Back From the Moon (and the stars)

Yes, I’ve re-entered the atmosphere.

Last weekend, I read at the Moon Cafe. I scrambled to stitch together some poems that had been lying in pieces for far too long – one a day for the eight days leading up to the reading was my goal, but in the end I managed seven. Which is pretty good, I think. What’s that old saying – “Reach for the moon. Even if you miss, you’ll land among the stars?” Lately, I have been feeling rather more like the more recent re-working – “Reach for the stairs; they’re closer” – but either way, I got seven new poems out of it, so I am very happy.

It was a lovely afternoon – stinking hot on the Moon but I like the heat. I like the weather, actually, and do not like the way we seem to increasingly avoid it via the so-called necessities of air-con and so forth. I do like it when the air is moving, though. An oscillating fan will do me most of the time. It was almost tropical at the Moon, with the humidity and the closeness and the overhead fans and the languid couches, and I loved it. And I think there might be a poem in there somewhere – “Give Me Weather”? Perhaps I’ll scratch that down shortly.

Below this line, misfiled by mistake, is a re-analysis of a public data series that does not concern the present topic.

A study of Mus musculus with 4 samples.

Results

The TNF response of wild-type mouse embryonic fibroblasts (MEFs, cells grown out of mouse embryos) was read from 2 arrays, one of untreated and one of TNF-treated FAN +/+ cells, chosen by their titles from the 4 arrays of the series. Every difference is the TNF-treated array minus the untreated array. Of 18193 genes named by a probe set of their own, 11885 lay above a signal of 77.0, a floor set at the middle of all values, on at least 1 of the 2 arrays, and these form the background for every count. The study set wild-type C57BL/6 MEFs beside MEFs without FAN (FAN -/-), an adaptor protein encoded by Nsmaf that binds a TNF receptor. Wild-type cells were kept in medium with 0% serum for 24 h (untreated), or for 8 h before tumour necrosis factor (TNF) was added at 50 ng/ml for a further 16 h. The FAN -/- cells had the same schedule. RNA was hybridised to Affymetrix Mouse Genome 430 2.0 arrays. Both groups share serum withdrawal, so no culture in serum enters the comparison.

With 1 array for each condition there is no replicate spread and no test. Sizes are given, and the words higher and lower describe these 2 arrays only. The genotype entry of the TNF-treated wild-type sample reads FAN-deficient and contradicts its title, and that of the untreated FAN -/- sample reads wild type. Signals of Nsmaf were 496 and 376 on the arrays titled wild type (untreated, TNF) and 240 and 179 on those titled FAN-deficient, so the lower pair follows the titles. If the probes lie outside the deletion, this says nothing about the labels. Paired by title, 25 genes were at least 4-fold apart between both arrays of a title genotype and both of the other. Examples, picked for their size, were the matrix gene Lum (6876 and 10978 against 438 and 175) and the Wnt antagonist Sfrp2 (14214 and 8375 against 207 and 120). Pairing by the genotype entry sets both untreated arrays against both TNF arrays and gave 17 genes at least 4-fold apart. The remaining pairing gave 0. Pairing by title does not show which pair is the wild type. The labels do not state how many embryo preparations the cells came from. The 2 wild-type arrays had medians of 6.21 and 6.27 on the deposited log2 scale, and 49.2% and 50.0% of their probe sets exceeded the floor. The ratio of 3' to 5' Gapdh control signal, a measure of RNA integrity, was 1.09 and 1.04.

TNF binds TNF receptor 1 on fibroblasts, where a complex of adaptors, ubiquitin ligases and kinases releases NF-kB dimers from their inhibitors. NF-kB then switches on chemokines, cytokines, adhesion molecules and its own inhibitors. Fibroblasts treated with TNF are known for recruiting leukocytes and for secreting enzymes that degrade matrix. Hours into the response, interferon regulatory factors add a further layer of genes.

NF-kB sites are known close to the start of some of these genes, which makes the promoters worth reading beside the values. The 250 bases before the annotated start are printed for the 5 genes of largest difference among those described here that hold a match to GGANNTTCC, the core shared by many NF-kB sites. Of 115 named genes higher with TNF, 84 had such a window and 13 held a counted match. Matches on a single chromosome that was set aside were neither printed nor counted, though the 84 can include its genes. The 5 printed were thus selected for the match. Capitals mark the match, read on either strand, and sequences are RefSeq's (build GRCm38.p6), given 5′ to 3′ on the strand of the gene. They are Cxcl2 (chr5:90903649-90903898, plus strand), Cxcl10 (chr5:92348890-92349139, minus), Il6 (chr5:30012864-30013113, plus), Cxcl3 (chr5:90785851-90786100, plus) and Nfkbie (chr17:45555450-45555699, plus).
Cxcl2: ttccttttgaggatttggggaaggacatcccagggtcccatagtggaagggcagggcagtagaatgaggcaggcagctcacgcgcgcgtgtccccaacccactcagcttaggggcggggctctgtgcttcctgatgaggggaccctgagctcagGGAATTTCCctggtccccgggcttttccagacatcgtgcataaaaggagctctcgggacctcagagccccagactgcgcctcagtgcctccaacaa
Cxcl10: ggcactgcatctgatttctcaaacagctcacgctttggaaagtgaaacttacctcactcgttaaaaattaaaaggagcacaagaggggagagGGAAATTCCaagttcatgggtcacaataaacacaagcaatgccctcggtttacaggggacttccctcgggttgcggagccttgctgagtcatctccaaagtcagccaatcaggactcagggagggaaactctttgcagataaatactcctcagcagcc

For now, seven poems. I teased you last week with a couple of opening lines. One of those openers turned into a more complicated poem than I was able to finish in time and will have to percolate a while longer. But for now, here are the opening lines of the ones I did complete:

They’re renovating in the oncology clinic                                
Tonight, the room is thick/with the smell of boy                       
It’s how we were raised, on the logic/of gold                            
Above all, you must remain/with the vehicle                            
You can’t tell/from the outside what the flesh/will reveal

In the waiting room, my daughter plays/with transparent syringes

When I ask for seventy cents/worth of suburbs              

While I was getting these poems ready, I realised many of them have something in common: there are lots of knives, blades, cutting, that sort of thing. And when I think about it, I have more fragments that share similar qualities. It makes sense, if you know me well. Which I do. And I love the way life’s undercurrents sneak into poetry unbidden. I love the way a poem lets you know what it is that’s on your mind, or perhaps just underneath it.

So that was the Moon. And last night was the stars. There were no knives there, at least not that I recall. And no poetry either. I’m fairly sure I would have noticed that. Jon Doust was there, though, and I promised him a Cat in the Hat sock for his fence installation. There’s a kind of poetry in that, I reckon.

That’s all for now. The WIP beckons, and the editing job, and a bunch of other bits and pieces I probably shouldn’t continue to ignore. My next post will be none of your business.